Tuesday, 11 May 2021 13:55

Mega farmer pinged for effluent breaches

Written by  Staff Reporters
Waikato Regional Council officer noting scale of overflow of effluent from feed pad on a farm at Oruanui, north of Taupo. Waikato Regional Council officer noting scale of overflow of effluent from feed pad on a farm at Oruanui, north of Taupo.

Large farm operations and professional spreading companies should be setting examples of best practice, says Waikato Regional Council regional compliance manager Patrick Lynch.

He made the comments after a Taupō farming operation, a company director and an effluent spreading company were convicted and fined a total of $194,250 for unlawfullly discharging animal effluent into the environment from three large dairy farming operations.

"We look to larger farm operations and professional spreading companies to lead the industry and set examples of best practise," says Lynch.

"Clearly this is not the case here. It is fair to say that both the regulator and the wider dairy industry are very disappointed with the breaches uncovered across this substantial farming enterprise."

The sentence was imposed recently by Judge Jeff Smith in Tokoroa District Court and follows the repeated unlawful discharge of effluent between November 2019 and March 2020.

Gardon Limited ran an 1150 cow dairy operation at Oruanui, north of Taupō that employed a number of staff. However, the farm was managed by company director Gerard Logan Donald.

A monitoring inspection carried out by council staff in November 2019 found an effluent irrigation hydrant had been discharging dairy shed effluent over a prolonged period of time which was ponding near the hydrant. As well, a travelling irrigator operating earlier the same day had been over-irrigating effluent onto already wet soils, resulting in further ponding of effluent in breach of Waikato Regional Plan rules.

An abatement notice was issued to the company requiring it to cease any further unlawful discharges of effluent. At a follow up inspection by council staff on 2 March 2020, a buried pipe carrying dairy shed effluent to a sump was found to have had an inspection hole cut in it. This had not been resealed, resulting in the pipe discharging effluent over a prolonged period of time, causing effluent ponding in a paddock below the pipe, again in breach of Waikato Regional Plan rules and in contravention of the abatement notice.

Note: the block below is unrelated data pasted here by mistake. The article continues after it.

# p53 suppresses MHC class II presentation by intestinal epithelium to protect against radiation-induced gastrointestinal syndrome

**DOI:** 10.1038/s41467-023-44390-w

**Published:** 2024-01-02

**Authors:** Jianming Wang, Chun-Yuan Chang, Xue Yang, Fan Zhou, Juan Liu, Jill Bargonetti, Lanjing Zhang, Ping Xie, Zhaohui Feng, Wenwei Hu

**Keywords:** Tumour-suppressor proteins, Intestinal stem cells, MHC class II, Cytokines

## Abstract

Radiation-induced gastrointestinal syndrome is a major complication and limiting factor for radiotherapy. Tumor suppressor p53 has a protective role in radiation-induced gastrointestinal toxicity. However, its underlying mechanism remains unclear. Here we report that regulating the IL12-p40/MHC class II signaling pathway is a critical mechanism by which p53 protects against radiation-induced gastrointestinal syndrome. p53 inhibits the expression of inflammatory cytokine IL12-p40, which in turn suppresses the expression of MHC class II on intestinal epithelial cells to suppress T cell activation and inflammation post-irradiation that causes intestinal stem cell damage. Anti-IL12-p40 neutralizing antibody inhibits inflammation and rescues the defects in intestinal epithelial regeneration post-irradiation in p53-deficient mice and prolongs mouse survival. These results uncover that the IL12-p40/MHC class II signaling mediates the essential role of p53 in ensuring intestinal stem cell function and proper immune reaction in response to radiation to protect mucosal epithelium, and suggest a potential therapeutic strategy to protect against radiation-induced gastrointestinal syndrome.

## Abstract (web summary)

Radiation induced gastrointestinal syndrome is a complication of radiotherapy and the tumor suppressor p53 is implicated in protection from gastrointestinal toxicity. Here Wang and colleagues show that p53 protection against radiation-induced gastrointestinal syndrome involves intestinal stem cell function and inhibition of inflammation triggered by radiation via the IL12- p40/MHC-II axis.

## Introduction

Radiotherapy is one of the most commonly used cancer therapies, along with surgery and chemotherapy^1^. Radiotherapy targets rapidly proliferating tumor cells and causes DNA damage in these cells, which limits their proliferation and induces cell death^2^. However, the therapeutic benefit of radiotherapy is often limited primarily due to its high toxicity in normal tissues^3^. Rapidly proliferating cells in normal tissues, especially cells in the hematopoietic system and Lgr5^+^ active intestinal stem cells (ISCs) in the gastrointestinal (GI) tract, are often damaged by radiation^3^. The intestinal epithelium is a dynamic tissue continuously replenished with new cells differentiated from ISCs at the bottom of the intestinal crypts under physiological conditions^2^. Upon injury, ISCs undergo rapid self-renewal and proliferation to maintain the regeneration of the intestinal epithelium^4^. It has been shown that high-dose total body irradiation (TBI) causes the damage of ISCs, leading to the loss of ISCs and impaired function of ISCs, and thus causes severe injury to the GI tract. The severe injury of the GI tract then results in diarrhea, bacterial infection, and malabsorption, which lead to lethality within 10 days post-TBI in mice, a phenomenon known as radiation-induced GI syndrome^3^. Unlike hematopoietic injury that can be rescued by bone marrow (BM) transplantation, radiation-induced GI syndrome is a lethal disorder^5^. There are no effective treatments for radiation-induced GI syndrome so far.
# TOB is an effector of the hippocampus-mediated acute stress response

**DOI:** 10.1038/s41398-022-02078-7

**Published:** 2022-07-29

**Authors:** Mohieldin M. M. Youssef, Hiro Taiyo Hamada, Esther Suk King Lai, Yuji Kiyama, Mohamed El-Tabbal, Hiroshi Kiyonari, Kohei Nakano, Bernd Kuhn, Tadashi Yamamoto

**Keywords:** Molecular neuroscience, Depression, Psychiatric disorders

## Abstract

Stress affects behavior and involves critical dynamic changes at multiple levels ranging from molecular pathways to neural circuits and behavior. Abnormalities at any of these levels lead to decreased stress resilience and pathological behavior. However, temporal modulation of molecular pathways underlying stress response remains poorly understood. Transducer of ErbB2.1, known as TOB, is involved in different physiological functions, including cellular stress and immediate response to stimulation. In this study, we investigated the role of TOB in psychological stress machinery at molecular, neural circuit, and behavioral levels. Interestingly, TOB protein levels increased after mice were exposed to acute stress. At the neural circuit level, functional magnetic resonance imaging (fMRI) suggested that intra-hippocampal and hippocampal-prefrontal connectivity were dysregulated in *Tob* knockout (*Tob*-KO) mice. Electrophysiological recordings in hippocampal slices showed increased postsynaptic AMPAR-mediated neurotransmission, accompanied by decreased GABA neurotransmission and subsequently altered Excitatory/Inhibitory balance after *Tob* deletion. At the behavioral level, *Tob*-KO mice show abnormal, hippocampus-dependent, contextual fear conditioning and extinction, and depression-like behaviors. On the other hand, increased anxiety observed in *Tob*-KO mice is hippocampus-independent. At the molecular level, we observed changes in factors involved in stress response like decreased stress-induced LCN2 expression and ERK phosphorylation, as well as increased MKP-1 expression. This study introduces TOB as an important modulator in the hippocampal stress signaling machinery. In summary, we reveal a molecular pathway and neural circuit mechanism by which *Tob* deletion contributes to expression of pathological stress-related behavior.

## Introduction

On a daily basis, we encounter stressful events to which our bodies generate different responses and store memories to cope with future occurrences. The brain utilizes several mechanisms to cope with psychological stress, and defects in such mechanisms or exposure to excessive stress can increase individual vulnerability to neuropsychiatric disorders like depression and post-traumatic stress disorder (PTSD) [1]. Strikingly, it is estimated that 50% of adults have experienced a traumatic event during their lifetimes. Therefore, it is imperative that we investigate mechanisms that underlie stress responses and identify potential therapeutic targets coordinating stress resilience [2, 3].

The company was convicted of two charges of unlawfully discharging a contaminant into the environment and a further charge of contravening an abatement notice and was fined a total of $101,250.

Donald is also a director and shareholder of another company which owns two adjacent dairy farms. He was employed through his company, Gardon Limited, as the general manager responsible for the overall management of these two farms.

Council staff inspected the first of these farms, which milks around 1,750 cows, on 7 November 2019 and found the unlined effluent storage pond designed to take effluent from the feed pad was overflowing, with effluent flowing down through a stormwater retention pond into a sink hole in the ground. A follow up inspection on 21 November 2019 found that effluent was still flowing into the sink hole, despite directions from council staff to clean the effluent away and prevent further discharges.

Donald was convicted on a charge of unlawfully discharging a contaminant into the environment and fined $35,000.

Also on 26 November 2019, contracting company The Effluent Pumping Systems Limited (EPSL) was at this farm pumping out one of the farm effluent storage ponds using a large portable pump and tractor mounted irrigator. Council staff found that EPSL staff had over-applied effluent over a large area causing significant ponding and runoff of effluent. EPSL was convicted of one charge of unlawfully discharging a contaminant into the environment and fined $30,000.

Council staff also inspected the second Gardon farm, which milked 1,600 cows, on 21 November 2019. They found the effluent sumps at two stock underpasses under State Highway 1 and Tram Road were overflowing into unsealed catchpits, in breach of Waikato Regional Plan rules.